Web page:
Connecting the Dots ...

This week we held our first Parent Information Night for St. Francis College Preparatory High School. In a word, it was “fantastic”! We are very blessed by the outpouring of support we have from community!

As we continue to share our vision and plans for St. Francis it becomes clear that our belief in the need for St. Francis is solid. For instance, many parents are unhappy with the lack of formative – faith based — education their children have received in the past or are receiving today.

As a result, parents are choosing to place their children in regular public schools or homeschooling them. “Why pay for something you are not getting?” is the general feeling.

This, of course, begs the questions: “Will St. Francis provide the faith-based education that so many desire, and if so, how?”

The answers: Yes. Absolutely. That is the entire reason it has been created, and it will do so through integration and living. Please, let me explain.

The area where formative faith-based education often fails is “connecting the dots” between faith and its application for life. Students might have a retreat once a year, they may have mass once a month, and they attend a religious class once a day; all wonderful and necessary. However, these become isolated events contained in a bubble of time.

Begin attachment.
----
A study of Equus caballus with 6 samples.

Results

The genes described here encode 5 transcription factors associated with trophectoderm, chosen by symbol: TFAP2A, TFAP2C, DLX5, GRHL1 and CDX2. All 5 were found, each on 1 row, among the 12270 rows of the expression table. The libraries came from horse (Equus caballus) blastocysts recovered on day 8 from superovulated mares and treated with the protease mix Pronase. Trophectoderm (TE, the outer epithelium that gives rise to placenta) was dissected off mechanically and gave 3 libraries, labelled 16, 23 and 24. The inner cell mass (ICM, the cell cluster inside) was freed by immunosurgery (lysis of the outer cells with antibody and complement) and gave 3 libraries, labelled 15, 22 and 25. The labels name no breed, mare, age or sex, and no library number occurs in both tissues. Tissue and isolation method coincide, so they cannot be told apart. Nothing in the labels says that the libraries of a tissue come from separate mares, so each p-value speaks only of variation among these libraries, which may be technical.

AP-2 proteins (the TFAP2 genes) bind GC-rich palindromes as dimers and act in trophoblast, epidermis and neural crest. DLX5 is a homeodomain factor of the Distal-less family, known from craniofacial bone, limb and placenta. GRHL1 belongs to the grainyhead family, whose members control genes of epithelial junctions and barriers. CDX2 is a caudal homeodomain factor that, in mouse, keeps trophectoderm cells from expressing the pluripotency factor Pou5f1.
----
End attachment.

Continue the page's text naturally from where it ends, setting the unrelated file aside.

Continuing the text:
For example, students often arrive at school for their 8:00 AM religion course. Then, they go to Algebra, English, Chemistry, History, Computer Science and Art. By the time it is 3:00 PM religion course is long lost in the wake of everything else.

But, there are two very intentional ways to connect the dots so that the bubble is broken and the teaching is not lost.

The first is to ensure integration between the faith being taught in the religion course as well as the other subjects taught throughout the day. In this holistic approach to teaching faith students learn and understand how faith is applied in all areas of life. Faith cannot be its own distinct subject. If taught as distinct students will treat it as distinct — 1 out of 7 courses — losing its importance.

The second is to ensure students are living out their faith. Students must also practice their faith and, as we shared with parents this week, one of the key priorities for St. Francis is community outreach by its students. It is through living out their faith in the community that students will connect what they are learning in every classroom to practice, thereby connecting the final dot.

It is a simple – but highly profound – fulfillment of scriptural principles: “What good is it, my brothers, if someone says he has faith but does not have works? Can that faith save him?” James 2:14

When the dots are connected, faith becomes realized, filling the void many parents see today in Christian education.

Through its commitment to the Catholic tradition, St. Francis will connect these dots.